Monday, August 09, 2010

What are you lookin' at?

What seems to be missing from l'affaire toesox (as Carol Horton sensitively discusses here), is any acknowledgment of the difference between the way women and (straight) men perceive the use of naked women in yoga imagery. Or any imagery, for that matter.

In her book,
The Male Brain (2010), Louann Brizendine takes a close look at the chemistry of the male brain, as a follow-up to her earlier book The Female Brain. In her article "Sex, Mating and the Male Brain," she reminds us the main goal of any species is to procreate; to that end, the male brain has evolved to specifically seek out a female that offers the greatest potential to meet that goal--young, shapely, healthy, and not pregnant with another man's child. She writes, "Researchers at the University of California found that it takes the male brain only 1/5th of a second to classify a woman as sexually hot or not. This verdict is made long before a man's conscious thought processes can even engage." She also notes that the male brain has an area for sexual pursuit that is 2.5 larger than the female brain.

So, perhaps, therein explains part of the gulf between the "what's the big deal?" camp and the "How can you not see the big deal?" camp. They are seeing different images, while looking at the same picture.

The history of Western art is full of pictures of naked women (none of them selling any yoga accessories, by the way), often depicted in all their reproductive glory. Until very recently, almost all of these were painted by men for the use and enjoyment of other men. That's who had the power, the money. Whether immortalizing a mistress (Louis XV's, in this case), celebrating a munificent donation to the church (many an altarpiece), or serving as a beautiful decoration in a palace, wealthy donors regularly requested the inclusion of the idealized female form as a part of the composition.

Francois Boucher's Mademoiselle O'Murphy (1751), from the Wallraf, Richartz Museum in Cologne.

We've been looking at examples of beautiful naked women on display for a male audience for centuries, nay millenia. It's a hard habit to overcome and has become the standard for us all. As Carol astutely notes, "But that’s the thing about the dominant culture: If it’s invisible to us – if we uncritically accept it as normal and natural without reflection – we get sucked into it and end up reinforcing its norms unintentionally."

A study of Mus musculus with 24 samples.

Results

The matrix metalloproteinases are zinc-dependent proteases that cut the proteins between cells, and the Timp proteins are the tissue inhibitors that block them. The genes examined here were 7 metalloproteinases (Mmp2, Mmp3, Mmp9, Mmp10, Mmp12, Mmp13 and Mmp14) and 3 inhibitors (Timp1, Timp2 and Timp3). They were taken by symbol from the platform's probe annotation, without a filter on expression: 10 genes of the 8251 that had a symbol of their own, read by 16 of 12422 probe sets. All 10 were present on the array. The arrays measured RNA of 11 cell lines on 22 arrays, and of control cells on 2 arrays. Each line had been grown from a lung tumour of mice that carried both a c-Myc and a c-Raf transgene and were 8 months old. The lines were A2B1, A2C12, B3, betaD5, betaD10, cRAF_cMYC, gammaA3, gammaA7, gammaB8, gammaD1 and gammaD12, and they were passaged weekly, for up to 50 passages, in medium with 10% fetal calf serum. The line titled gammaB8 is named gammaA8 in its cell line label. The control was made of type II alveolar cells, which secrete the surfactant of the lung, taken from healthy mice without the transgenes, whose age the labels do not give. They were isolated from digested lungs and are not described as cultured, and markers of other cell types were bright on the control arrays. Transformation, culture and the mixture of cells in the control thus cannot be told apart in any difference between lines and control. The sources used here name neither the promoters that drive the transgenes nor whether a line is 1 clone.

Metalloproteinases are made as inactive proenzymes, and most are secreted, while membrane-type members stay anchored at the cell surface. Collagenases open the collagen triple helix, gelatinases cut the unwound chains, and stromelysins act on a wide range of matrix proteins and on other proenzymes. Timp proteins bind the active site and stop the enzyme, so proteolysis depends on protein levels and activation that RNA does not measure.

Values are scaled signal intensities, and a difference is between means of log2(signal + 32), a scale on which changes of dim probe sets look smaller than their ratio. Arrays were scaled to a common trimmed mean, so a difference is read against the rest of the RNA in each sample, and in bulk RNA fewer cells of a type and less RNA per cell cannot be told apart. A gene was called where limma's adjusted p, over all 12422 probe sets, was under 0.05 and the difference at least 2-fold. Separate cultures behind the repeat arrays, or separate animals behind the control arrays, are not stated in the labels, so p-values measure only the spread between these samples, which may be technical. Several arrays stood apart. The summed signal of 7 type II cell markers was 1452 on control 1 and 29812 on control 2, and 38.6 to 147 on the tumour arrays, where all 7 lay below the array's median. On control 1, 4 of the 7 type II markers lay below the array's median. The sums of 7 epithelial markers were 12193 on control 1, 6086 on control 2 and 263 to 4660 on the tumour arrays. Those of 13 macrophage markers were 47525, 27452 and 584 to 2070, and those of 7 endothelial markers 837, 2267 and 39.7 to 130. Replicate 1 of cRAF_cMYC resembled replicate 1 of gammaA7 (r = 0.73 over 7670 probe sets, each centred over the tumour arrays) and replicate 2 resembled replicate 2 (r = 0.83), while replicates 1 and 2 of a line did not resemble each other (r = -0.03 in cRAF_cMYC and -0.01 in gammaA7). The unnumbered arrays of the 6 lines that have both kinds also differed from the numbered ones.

So I wonder if we're stuck in a place where the twain-shall-never-meet. One group hopes to challenge a status quo, that is reinforced both by culture and biology. The other sees nothing wrong with the status quo. Some want pretty, some want realistic. I'm hopeful we can talk; I'm hopeful we can stay civil--How about fair amounts of each aesthetic?

This issue is obviously much bigger than the yoga world. I guess that's why I got my feelings hurt this weekend by so many of the comments on elephant journal (and that's exactly what it was, feelings getting hurt, I should not be taking so much of this personally). Judith was so calm, so reasoned in her letter, I thought it would inspire a really good conversation about the contemporary yoga industry and where it seems to be headed. Maybe some one would have insight into why naked yoga ads are a good thing and make me question my assumptions. Instead it was internet-commentary-as-usual: emotional and defensive and far from the original ideas in the letter or roseanne's post.

Maybe the topic is too confrontational, too raw. Maybe this is the same old battle being fought. I had hoped this conversation could be the start of something beautiful, but I am wary.


Linda-Sama said...

When I was in college in the early '70s -- you know, all that feminist rage going around...;) -- I took an art history course on the images of women in art. My paper was on the Madonna (no, not THAT Madonna) and Whore duality.

has it really changed all that much? or are old paradigms just repackaged?

Linda-Sama said...

I would also like to point out that the woman you show would probably never be used in a modern ad for anything about yoga -- unless it's a "yoga diet" ad....;)

just sayin'.....

roseanne said...

oh brenda ~ i felt the same sense of hurt feelings when i read all the commentary on ele. it made me sad and frustrated.

the irony here is that in addition to being a yoga teacher, judith hanson lasater is also a practitioner of nonviolent communication (her most recent book, what we say matters, is all about it). and yet the conversation around her letter has been so full of aggression and emotion.

it's so disappointing to see people respond to the image without reading the post, and many don't even seem to know who JLH is. they're just reacting to a concept, to the image itself.

i guess that's what effective advertising does, appeal to people's base instincts. it's just unfortunate that people can react from these instincts, too. and it's so much easier to express an opinion and assumptions about a picture than to read a whole blog post and think about what has been said...

anyway, my friend, i don't believe the conversation is over (a little bird has told me that it will be continuing, actually...) and i'm surprisingly optimistic that it will open up to greater things. whether that is change, i don't know. but it will be something.